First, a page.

In their seemingly never-ending quest to fully entrench the federal government into our health care system, Democrats running for president and serving in Congress continue to push radical proposal after radical proposal to move toward a government-controlled health care insurance system. They may give it a variety of names — from the public option to Medicare-for-All to single-payer — but the net result would be the same: higher taxes on hardworking Americans in order to fund a system that creates less choice, less flexibility, and poorer health-care outcomes.
There has been so much grandstanding on the left about the wonders of Medicare-for-All or the public option with very little substantive facts about how such massive, big government programs would be funded. That’s completely intentional. The reason Democrats are so vague when it comes to discussing funding mechanisms is because these government-controlled proposals would all require large tax increases on Americans and result in higher private plan premiums. With a price tag of more than $30 trillion over the first 10 years alone, there would be no way to fund these programs without increasing taxes.
Not only that, but the creation of a public option would spell the inevitable demise of private and employer-sponsored health care plans as we know it. According to a recent study, 20 percent of state marketplaces would no longer offer a single private insurance option by 2028 if a public option were to be introduced. That figure would increase to nearly 70 percent by 2050. And to think the public option is the more moderate of the proposals being put forward by Democrats.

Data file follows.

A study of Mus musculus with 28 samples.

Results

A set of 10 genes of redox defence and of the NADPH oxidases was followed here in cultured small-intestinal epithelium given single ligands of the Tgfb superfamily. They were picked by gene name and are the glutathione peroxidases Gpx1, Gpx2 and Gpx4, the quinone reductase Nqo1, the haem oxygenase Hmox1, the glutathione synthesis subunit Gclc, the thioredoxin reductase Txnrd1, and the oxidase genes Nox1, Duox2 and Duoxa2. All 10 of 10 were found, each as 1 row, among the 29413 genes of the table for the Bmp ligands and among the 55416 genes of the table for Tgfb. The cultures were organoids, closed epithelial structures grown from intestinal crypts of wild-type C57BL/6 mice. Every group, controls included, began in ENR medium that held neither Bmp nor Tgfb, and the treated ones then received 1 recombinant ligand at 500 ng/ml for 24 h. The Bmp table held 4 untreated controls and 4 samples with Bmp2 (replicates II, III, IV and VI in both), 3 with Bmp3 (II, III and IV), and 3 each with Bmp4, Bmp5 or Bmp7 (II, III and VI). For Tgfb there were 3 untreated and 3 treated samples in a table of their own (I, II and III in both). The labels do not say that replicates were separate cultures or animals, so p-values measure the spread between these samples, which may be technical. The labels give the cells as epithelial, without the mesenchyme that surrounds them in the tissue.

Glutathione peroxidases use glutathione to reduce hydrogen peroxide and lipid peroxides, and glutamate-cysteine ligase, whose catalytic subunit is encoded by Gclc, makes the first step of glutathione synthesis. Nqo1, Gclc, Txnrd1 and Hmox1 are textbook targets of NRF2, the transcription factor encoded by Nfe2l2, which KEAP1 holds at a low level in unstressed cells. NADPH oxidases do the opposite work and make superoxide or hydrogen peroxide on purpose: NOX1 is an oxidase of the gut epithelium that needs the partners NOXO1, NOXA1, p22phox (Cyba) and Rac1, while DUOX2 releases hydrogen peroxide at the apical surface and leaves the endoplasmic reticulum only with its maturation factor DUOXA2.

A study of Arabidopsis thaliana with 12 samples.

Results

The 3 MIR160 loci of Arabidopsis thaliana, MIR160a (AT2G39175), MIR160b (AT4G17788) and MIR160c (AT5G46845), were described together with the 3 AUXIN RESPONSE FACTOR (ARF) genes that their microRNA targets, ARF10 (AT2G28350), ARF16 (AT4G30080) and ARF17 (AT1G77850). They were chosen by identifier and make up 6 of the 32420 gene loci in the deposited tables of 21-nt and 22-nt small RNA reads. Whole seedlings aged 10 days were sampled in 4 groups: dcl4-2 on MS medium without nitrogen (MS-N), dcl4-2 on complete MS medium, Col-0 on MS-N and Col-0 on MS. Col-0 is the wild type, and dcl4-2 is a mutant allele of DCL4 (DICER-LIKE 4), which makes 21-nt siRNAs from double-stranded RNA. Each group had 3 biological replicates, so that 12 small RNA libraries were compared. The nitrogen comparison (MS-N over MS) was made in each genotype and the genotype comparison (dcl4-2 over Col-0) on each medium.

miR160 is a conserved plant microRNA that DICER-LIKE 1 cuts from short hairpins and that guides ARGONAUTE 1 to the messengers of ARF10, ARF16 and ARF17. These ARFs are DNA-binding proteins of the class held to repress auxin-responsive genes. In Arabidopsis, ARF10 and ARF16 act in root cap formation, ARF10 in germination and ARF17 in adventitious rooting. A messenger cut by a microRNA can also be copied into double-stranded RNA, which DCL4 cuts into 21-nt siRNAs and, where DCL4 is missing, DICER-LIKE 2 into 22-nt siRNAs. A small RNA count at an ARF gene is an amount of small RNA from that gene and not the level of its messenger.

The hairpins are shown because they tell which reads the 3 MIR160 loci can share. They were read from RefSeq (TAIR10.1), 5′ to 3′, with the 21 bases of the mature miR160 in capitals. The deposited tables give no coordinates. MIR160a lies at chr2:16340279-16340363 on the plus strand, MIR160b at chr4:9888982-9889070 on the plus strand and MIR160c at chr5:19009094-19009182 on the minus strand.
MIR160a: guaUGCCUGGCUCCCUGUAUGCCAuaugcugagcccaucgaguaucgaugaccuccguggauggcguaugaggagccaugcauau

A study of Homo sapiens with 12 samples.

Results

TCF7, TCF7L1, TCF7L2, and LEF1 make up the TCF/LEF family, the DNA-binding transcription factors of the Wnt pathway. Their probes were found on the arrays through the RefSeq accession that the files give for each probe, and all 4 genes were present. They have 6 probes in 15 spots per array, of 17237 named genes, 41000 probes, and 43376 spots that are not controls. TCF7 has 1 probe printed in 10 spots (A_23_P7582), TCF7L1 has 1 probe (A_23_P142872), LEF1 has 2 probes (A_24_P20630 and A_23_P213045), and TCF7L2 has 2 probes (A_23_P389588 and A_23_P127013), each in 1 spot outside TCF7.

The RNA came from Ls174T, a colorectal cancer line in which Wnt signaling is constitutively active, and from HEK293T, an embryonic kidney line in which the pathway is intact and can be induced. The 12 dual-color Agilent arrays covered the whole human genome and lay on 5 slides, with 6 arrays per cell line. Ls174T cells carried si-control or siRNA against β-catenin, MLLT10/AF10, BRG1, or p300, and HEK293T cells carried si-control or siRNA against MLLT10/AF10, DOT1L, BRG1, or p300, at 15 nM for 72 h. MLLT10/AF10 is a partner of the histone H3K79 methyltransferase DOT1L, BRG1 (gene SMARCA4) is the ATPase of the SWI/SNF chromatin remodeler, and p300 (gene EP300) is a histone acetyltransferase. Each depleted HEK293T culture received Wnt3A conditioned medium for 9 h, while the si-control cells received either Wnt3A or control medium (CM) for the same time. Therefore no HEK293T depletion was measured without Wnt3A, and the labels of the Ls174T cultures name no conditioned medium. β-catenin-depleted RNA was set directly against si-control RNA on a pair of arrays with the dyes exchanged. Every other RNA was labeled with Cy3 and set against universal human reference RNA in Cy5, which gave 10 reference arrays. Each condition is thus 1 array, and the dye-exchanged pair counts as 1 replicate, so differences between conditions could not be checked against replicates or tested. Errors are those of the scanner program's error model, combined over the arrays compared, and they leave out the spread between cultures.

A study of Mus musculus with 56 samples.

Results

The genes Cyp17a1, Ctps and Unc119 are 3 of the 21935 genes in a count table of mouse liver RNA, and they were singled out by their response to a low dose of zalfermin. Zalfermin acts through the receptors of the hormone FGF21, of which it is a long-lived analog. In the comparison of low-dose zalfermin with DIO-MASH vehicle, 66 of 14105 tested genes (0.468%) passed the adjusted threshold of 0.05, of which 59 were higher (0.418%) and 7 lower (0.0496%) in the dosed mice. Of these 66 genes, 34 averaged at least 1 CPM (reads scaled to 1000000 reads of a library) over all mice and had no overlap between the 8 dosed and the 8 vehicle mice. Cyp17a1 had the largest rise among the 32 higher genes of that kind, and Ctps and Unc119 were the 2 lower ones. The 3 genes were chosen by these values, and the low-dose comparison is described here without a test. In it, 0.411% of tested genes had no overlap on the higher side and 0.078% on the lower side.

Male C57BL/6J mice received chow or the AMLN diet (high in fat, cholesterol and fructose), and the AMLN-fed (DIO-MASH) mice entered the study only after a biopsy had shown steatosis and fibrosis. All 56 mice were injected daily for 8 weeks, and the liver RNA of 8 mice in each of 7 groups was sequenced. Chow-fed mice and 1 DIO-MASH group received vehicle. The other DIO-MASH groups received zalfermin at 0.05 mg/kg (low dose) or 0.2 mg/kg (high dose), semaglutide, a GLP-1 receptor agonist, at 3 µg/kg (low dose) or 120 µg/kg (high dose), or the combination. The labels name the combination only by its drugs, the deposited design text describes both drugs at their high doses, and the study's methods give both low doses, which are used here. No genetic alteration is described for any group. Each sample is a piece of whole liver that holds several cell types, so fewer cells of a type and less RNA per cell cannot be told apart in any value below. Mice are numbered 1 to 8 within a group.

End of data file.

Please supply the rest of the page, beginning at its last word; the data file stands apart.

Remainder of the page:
In place of the wide array of health care plans available today, Americans would be stuck with a one-size-fits-all, government-run health care insurance system that yields higher costs, diminished access, and a lower quality of care. As a taxpayer and, more importantly, as a father of young children, the prospect of being forced into such a system raises serious concerns for me. Policy makers should be focusing on expanding coverage and lowering costs by encouraging healthy competition in a free marketplace. These so-called plans do the exact opposite: squashing competition and eliminating choice for patients and consumers.
Medicare-for-All, a public option, or single-payer will shift the ability to make critical health care decisions away from patients, families, and their doctors and toward government bureaucrats and politicians. That is not the direction our health care system should be headed. We need leaders that will stand up for personal choice and control when it comes to choosing the coverage, doctors, and treatments that work best for patients themselves.
There’s no doubt that there are serious, fundamental flaws within our health-care system that should be addressed. But these issues won’t be solved by taking away what choice and flexibility Americans currently have in the private insurance marketplace — nor will they be addressed by forcing Americans to pay more for substandard care.
It’s time for Democratic lawmakers to take a good old-fashioned dose of common sense and rethink their failing strategy on health-care reform. More government control over the private health care decisions is not the answer, and it never will be.
Michael Fields is the executive director of Colorado Rising Action, a 501(c)(4) organization “focused on holding liberal groups and their special interest networks accountable and advancing conservative principles.”